Published September 27, 2012
It is a dream for everyone as they grow older to turn back the clock and live in a younger body once again. While many have developed ways to make the body look younger cosmetically, there have been very few effective methods to combat the aging process within the body – until now.
For the first time ever, researchers have identified a crucial protein responsible for the decline of muscle repair and agility as the body ages. Upon this discovery, the scientists were able to effectively halt muscle decline in mice, giving hope to similar treatments for humans in the future.
According to the study’s authors, loss of muscle strength and repair is one of the major concerns facing elderly citizens.
“A great advantage of medicine is that people are not dying as early as they used to, but the body hasn’t figured out how to maintain its muscle repair,” Andrew Brack, of the Massachusetts General Hospital Center for Regenerative Medicine and corresponding study author, told FoxNews.com. “The average loss of muscle mass for the 80-year-old male is 40 percent. Elderly people will fall over and break bones, they go to the hospital where they lose more muscle strength, and then don’t recover.”
Brack noted that muscle strength is also one of the main factors that keeps elderly individuals out of the hospital and allows them to be productive members of the workforce. In order to combat this muscle decline, Brack and Albert Basson, who met at King’s College London, teamed up to see if they could put the process in reverse.
The key revolves around stem cells found within muscles. During exercise or injury, these stem cells become activated and work fervently by dividing and multiplying into new muscle fibers that help to repair the muscle. When they are no longer need, they retreat into a reservoir within the muscle and lay dormant until they are needed again.
The problem with aging muscles is that these ‘fixer’ stem cells don’t remain dormant when they’re not needed. Instead, they become activated more and more and unnecessarily divide and multiply – causing them to die at a faster rate. Since muscles only have a finite amount of these stem cells, the quicker the cells die, the less effective muscles become at repairing themselves.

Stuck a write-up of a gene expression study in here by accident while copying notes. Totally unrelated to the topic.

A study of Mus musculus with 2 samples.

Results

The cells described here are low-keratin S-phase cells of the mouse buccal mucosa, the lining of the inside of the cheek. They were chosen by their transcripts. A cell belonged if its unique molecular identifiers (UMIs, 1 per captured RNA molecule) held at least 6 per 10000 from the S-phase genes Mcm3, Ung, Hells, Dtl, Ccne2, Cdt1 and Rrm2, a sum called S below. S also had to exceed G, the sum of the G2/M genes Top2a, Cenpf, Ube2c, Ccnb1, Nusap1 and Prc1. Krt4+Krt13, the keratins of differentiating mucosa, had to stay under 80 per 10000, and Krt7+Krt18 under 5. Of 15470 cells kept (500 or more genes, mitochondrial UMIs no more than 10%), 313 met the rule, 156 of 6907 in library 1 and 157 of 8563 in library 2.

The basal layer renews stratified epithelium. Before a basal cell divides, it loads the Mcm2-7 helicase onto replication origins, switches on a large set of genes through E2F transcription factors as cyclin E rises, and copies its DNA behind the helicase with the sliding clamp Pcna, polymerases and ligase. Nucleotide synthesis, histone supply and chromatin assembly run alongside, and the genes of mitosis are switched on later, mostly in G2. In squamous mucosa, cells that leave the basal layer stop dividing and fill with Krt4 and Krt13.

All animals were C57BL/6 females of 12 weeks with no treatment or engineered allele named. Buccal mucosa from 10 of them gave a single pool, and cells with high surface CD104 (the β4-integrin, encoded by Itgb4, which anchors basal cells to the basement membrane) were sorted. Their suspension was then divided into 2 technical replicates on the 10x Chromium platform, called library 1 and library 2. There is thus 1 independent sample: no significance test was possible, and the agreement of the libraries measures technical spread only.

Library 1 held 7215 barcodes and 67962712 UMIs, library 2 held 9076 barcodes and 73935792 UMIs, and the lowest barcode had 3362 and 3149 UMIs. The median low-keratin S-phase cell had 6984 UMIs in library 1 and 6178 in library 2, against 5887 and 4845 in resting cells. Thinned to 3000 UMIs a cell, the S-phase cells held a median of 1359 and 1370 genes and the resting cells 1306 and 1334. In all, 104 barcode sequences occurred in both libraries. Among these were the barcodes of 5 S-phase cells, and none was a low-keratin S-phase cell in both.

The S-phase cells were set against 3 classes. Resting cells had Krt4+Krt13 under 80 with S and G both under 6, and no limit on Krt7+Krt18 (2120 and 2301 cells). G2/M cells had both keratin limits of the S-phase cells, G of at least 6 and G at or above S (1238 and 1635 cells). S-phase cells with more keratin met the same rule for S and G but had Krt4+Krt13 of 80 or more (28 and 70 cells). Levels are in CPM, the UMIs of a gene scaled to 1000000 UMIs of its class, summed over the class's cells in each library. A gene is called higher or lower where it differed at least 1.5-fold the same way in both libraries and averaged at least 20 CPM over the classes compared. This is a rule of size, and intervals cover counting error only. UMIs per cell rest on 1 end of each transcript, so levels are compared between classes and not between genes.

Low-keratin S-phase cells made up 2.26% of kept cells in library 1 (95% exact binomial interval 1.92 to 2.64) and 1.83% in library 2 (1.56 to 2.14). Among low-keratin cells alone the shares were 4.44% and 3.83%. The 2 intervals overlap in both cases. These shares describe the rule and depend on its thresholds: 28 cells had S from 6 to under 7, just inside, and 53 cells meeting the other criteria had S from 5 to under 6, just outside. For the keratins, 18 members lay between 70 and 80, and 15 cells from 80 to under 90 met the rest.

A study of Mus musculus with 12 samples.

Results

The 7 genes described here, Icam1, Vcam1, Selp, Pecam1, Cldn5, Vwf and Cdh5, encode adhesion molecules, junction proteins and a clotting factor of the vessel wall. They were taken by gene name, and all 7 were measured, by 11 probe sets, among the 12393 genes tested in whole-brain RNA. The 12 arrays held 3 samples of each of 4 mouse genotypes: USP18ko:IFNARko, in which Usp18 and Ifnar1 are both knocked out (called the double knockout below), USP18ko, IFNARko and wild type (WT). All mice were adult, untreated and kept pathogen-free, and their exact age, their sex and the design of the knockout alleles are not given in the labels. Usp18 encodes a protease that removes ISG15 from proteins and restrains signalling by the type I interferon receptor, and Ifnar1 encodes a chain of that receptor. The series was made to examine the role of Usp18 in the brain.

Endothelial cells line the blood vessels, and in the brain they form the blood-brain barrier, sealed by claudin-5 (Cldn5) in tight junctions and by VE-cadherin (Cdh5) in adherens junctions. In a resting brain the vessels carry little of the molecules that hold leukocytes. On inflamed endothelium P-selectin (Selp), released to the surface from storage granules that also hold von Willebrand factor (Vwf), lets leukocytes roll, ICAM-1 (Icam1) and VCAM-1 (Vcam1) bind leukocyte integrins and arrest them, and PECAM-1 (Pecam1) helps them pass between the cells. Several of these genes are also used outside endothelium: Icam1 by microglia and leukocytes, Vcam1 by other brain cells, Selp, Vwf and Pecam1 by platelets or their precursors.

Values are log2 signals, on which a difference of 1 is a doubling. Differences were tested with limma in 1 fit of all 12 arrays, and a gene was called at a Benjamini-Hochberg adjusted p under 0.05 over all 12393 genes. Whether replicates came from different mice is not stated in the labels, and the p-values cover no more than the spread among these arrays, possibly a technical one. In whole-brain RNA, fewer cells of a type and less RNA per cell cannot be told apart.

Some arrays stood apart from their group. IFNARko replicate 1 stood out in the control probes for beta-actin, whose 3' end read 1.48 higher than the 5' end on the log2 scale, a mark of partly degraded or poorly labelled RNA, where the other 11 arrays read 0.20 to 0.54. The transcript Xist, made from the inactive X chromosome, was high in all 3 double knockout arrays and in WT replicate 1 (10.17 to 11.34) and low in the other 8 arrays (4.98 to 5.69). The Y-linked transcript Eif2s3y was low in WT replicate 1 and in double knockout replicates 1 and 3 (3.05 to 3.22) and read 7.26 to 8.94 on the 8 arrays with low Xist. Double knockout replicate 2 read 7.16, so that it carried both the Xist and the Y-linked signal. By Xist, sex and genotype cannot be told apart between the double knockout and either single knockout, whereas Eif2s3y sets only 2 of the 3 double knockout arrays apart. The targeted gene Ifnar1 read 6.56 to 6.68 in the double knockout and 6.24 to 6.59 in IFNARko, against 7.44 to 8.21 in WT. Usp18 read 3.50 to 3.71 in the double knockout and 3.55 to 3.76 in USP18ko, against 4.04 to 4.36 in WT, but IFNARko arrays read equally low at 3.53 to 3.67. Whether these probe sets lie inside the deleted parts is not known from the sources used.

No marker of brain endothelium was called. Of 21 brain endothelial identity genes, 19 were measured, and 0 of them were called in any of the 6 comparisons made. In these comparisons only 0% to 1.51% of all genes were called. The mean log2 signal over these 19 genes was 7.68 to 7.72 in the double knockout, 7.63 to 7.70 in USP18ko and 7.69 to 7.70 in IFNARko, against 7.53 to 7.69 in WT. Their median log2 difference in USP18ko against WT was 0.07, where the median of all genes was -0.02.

Wondering exactly why the stem cells became more activated with age, Brack and Basson screened older muscles, finding higher levels of a protein called FGF2 – a protein that stimulates cell division. The scientists figured these levels could explain the unnecessary cell activation.
“As your muscle gets old, you start making more of this FGF2 protein,” Basson, senior lecturer at King’s College London Dental Institute, told FoxNews.com. “…When there’s more, the FGF2 starts waking up these stem cells and they start dividing. The stem cells have a limited number of times they can divide before they die or differentiate into other cells.”
Basson figured that if they were able to boost a gene called SPRY2, which inhibits FGF2, then the stem cells would lay dormant until they were absolutely needed. To test this theory, the researchers administered a common drug containing SPRY2 to suppress FGF2 levels in elderly mice. Sure enough, the drugs halted the decline of muscle stem cells in the mice.
“We think of this as the first study where we’ve identified something that goes wrong in the aging muscle,” Basson said. “There are a number of these FGF inhibitor drugs used in clinics for cancer, so they certainly can be given to patients. But we’re still quite a ways off before we can think about using this drug.”
One major issue about suppressing FGF2 is that the protein is still necessary for activating stem cells when muscles encounter injury. Because of this interesting paradox, Brack imagined a future drug containing SPRY2 that would be used during the least amount of physical exertion.
“I think the favorite expression is, ‘Too much of a good thing is a bad thing,’” Brack said. “…You couldn’t have someone on a drug like this forever – that would be very bad. It would work in a timed-release manner – keeping FGF2 low in low demanding situations. As we go through our daily lives as aged individuals, keep FGF low, but as we workout we want FGF to go up.”
With such encouraging results, coupled with the fact that FGF suppressant drugs are already on the market, Brack and Basson are eager to translate this idea into human therapies. However, Brack cautioned not to view this as a way to increase lifespan, but more of a way to enhance living as we age.
“We don’t think in terms of longevity,” Brack said. “Instead we want to know: how do we make it possible for an 80-year-old individual to run a marathon? The purpose is not to live to 120, but to see how healthy and vital you can be. That’s the future of regenerative medicine.”